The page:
Having blogged here recently about Jim Malia’s engaging account of his walk to Rome, In Belloc’s Steps, I have just received through the post the latest copy of The Defendant, the newsletter of the Australian Chesterton Society (Vol 23. No. 1, Summer 2016, Issue No. 88). It is edited by Karl Schmude and is the kind of publication – only eight pages – that you immediately sit down and read from cover to cover.
This particular issue focuses on Hilaire Belloc and “the enduring value of his neglected achievements”. Given the lively debate over Belloc’s reputation that followed my blog, I think it is worth drawing attention to some of these – especially since the first thing I discovered, from an article on page 5, entitled “My Path to Belloc” by Tony Evans, founding editor of The Defendant, was that Belloc died on 16th July 1953 in the same Franciscan nursing home, Mount Alvernia, in Guildford, Surrey, where I had been born a few years earlier. To my mind, this gives me a subliminal link with him.
I was also struck by a statement by Schmude in his introductory article. He writes of Belloc that “his sense of religion was deeply – and inescapably – cultural. He saw that the extension of the Incarnation in time and history was the result of a Church – a body, not merely a spirit or a belief; an institution, not only a faith – and he believed that he dismemberment of the Church and the dissolution of a Catholic people, centred on a recognisable community of believers, would bring about the re-paganisation of society – and a new night of despair.”
All of us who regard the Church in the same light as Belloc would wholeheartedly agree with this statement. Of course there should be a separation between Church and state; but this does not mean that the Church should therefore exist on the sidelines of society or that faith should be merely a private matter. It is because her vision of man and society is so noble, so exalted and so rich that the Church ought to engage with society at every level – most especially that of culture.
It is a temptation to keep one’s head down, keep out of the public eye and stick to one’s devotions, but Catholics are called to more than that. We must combat the “re-paganisation” of society that we see all around us with a truer, brighter and better vision. For instance, I recently read an article in the Telegraph – supposedly a broadsheet for educated readers – that crudely mocked Catholic practices such as Confession and devotion to Our Lady.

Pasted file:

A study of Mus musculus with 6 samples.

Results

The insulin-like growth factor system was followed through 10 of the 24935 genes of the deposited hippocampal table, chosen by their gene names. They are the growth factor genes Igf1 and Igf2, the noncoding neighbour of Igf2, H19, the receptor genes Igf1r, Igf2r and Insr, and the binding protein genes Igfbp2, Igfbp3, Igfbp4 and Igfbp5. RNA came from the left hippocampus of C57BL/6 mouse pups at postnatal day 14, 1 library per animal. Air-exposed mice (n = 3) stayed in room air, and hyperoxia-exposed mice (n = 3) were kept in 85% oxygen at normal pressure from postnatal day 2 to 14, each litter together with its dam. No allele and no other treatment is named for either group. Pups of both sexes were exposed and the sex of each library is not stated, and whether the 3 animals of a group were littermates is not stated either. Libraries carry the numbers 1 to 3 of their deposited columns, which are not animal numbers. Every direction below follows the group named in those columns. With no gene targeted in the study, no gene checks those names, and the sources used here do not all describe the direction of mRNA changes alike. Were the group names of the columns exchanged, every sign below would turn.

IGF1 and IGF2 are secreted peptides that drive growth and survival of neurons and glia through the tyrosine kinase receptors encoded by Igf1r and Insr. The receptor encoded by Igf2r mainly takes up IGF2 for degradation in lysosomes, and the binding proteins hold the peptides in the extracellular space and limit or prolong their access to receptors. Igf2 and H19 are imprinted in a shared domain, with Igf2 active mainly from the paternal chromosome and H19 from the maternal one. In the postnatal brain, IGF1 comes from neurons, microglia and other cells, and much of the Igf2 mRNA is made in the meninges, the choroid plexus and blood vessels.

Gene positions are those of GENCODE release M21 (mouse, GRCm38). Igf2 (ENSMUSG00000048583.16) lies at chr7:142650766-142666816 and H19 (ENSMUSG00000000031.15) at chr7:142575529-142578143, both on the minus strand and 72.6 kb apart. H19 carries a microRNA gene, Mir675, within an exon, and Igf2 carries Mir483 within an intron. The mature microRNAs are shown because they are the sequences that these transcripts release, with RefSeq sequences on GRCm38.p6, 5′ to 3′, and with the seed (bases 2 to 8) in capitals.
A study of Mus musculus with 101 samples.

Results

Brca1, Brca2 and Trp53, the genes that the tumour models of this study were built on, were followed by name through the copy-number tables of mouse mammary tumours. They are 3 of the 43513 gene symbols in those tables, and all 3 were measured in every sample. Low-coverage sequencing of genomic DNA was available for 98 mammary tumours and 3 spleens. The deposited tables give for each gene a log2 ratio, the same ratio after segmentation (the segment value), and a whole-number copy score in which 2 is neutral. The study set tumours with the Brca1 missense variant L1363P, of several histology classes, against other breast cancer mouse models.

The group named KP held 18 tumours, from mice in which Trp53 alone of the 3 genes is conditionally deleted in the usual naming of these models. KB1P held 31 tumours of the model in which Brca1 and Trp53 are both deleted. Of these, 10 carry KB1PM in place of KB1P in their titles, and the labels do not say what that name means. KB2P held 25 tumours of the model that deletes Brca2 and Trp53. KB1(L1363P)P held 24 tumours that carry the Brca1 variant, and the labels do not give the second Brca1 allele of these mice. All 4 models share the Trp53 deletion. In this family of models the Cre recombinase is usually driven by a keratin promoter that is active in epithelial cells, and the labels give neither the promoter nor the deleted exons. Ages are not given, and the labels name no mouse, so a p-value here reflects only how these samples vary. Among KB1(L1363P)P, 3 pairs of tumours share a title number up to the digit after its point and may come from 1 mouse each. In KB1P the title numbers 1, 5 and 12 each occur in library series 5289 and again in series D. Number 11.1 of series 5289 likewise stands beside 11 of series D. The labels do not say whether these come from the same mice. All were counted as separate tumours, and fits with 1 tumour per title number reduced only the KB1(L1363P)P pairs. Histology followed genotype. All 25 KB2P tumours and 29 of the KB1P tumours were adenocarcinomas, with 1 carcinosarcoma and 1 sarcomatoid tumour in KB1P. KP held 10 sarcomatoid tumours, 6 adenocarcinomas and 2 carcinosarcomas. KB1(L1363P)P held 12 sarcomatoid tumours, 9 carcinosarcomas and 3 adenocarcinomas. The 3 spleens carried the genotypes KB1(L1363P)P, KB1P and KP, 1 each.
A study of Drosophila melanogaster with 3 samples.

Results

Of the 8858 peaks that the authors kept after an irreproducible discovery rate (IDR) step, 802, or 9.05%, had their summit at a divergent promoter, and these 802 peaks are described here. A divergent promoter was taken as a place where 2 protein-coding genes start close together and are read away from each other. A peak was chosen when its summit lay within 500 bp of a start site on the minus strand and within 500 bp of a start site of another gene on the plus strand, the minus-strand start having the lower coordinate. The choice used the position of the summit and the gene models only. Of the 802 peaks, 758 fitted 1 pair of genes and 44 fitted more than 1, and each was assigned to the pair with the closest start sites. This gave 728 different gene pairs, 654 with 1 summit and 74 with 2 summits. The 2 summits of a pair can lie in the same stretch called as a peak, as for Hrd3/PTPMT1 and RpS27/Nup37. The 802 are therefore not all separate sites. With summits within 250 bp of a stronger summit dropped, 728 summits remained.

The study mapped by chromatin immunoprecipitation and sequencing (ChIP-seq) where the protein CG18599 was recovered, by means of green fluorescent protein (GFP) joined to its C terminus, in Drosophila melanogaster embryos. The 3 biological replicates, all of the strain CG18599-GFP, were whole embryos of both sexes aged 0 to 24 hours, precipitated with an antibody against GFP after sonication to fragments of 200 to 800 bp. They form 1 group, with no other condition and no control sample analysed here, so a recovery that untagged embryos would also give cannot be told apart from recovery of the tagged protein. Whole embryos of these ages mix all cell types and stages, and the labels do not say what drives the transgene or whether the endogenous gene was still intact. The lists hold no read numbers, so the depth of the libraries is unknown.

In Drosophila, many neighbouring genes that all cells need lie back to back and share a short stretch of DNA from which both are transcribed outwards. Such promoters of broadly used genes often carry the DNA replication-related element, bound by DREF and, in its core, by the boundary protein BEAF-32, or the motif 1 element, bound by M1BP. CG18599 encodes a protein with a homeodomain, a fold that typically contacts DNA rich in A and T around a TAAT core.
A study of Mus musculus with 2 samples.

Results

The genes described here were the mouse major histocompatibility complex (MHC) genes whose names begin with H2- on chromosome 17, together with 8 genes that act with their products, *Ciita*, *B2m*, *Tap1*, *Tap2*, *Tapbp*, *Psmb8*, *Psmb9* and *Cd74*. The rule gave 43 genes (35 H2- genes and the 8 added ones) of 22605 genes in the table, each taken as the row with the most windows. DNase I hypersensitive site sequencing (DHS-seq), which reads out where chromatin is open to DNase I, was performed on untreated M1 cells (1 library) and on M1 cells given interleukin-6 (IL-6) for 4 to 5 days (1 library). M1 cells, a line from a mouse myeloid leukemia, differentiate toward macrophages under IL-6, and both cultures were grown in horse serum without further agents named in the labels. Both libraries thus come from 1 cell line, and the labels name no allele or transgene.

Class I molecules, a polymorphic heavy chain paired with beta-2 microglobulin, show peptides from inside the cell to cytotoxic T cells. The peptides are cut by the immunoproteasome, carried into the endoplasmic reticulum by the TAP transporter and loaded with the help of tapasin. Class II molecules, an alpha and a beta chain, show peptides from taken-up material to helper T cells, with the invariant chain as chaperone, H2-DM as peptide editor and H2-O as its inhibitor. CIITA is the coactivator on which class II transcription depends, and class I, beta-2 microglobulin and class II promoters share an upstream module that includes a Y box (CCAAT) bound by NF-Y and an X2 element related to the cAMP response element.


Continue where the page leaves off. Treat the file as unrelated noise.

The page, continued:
I have since kicked myself for not immediately writing a letter to the Editor, pointing out that if Catholicism is so risible and childish a faith it is very curious why so many great creative artists, thinkers and saints, such as Dante, Shakespeare, SS Benedict and Teresa of Avila, to name just a few of the thousands of men and women of faith who have enriched the culture of their time during the last 2,000 years, bothered to give it the time of day.
Belloc, as all who love him would testify, was not without his faults. Tony Evans lists them as “his belligerence, his intransigence, and his bullish dismissal of those who did not agree with him.” However, he quickly adds, “But I forgive him all these for his poetry, his fearlessness, his defence of the Faith and the clarity and elegance of his prose….he never wrote a bad sentence.”
Karl Schmude has a concluding section in the Newsletter concerning Belloc’s prophetic insights. You don’t have to be a Catholic to be prophetic, obviously: Orwell and Aldous Huxley could be thus described. But having a comprehensive sense of history allied to a deep personal faith does help. So it was a shock to be reminded of what Belloc wrote about Islam in The Great Heresies (1938), a passage I have read before but which is worth reprinting here: “It has always seemed to me possible, and even probable, that there would be a resurrection of Islam and that our sons or our grandsons would see the renewal of that tremendous struggle between the Christian culture and what has been for more than a thousand years its greatest opponent…I cannot but believe that a main expected thing of the future is the return of Islam.
“Since religion is at the root of all political movements and changes, and since we have here a very great religion physically paralysed but morally intensely alive, we are in the presence of an unstable equilibrium which cannot remain permanently unstable…”
Belloc continued: “In Islam there has been no such dissolution of ancestral doctrine – or, at any rate, nothing corresponding to the universal break-up of religion in Europe…The final fruit of this tenacity, the second period of Islamic power, may be delayed: but I doubt whether it can be permanently postponed.”
Looking at our western and European world today, further comment on Belloc’s uncanny prescience seems unnecessary – though Pope Emeritus Benedict’s Regensburg’s Address, the failure of multiculturalism, the rise of Islamist terrorism and the demographic collapse of the native populations of Europe all come to mind. Were Belloc alive today he would not be surprised by any of these developments. And he would also know that the only successful way to combat the resurgence of Islam would be the rediscovery and resurrection of Christianity.
Counter-terrorism and talk of “democratic values” won’t do it. By the Cross, and only by the Cross, will we conquer.